HKEX agrees to educate China investors about shares with weighted voting rights, pushes up Xiaomi stock
But smartphone maker won’t be traded via Stock Connects until joint working group finalises rules for inclusion
Hong Kong bourse operator Hong Kong Exchanges and Clearing said on Wednesday it had reached an agreement with bourses in Shanghai and Shenzhen to educate mainland investors about shares with weighted voting rights, such as those of Chinese smartphone maker Xiaomi.
HKEX announced a “special stability trading period” and said since mainland investors were not familiar with companies that employed such shareholding structures, there was a “need to consider the maturity and regulatory practices of the two markets when including weighted voting rights companies” in the list of securities eligible for trade through the Stock Connect schemes linking the bourse in Shanghai and Shenzhen with Hong Kong.
A joint working group will be set up to form the rules for including weighted voting rights companies as soon as possible, said the bourse operator. “Details of the special stability trading period are to be worked out by the joint working group and will be announced in due course,” said a HKEX spokeswoman.
Xiaomi will not be traded through the Stock Connects until the working group has worked out all the details, but that did not stop its stock from rising in Hong Kong on Wednesday. Shares in the world’s fourth-largest smartphone company plummeted this week after China temporarily halted trade in its shares by mainland investors.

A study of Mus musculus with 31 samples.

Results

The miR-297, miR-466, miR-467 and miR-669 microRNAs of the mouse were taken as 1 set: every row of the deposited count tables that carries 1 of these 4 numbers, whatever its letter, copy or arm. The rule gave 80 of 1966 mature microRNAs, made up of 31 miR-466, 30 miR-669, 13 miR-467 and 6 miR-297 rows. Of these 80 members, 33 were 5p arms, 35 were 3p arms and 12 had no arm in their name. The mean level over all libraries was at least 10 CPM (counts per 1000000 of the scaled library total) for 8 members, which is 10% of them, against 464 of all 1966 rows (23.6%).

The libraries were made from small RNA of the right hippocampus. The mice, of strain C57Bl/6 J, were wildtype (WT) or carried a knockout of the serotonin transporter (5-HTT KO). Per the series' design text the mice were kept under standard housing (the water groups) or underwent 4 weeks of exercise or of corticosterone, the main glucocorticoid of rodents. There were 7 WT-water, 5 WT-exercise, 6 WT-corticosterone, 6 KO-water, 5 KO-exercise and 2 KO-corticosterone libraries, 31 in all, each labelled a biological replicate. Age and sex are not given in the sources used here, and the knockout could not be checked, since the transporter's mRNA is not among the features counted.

Its shares rose to HK$22.2 as markets opened, bouncing back from a 9.6 per cent tumble at the beginning of the week. The stock is now just above the HK$22 mark that Xiaomi was seeking during its flotation last month.
In a statement over the weekend, the exchanges in Shanghai and Shenzhen put a temporary halt on mainland investors buying and selling Xiaomi’s Hong Kong-listed shares under the Stock Connect schemes. The curb came as part of a wider ban on certain securities, in what has been viewed as a race between the exchanges to be Asia’s fundraising hub for technology companies.
Shares in HKEX, which closed last week at HK$234, dipped on Monday following the announcement, opening at HK$236 and closing the day down by 0.17 per cent at HK$233.8. They fell by another 0.77 per cent to HK$232 on Tuesday. But on Wednesday, its stock rose by as much as 1.5 per cent to HK$235.40, and was at HK$234 at 11am, an increase of 1.1 per cent, or 2.6 points.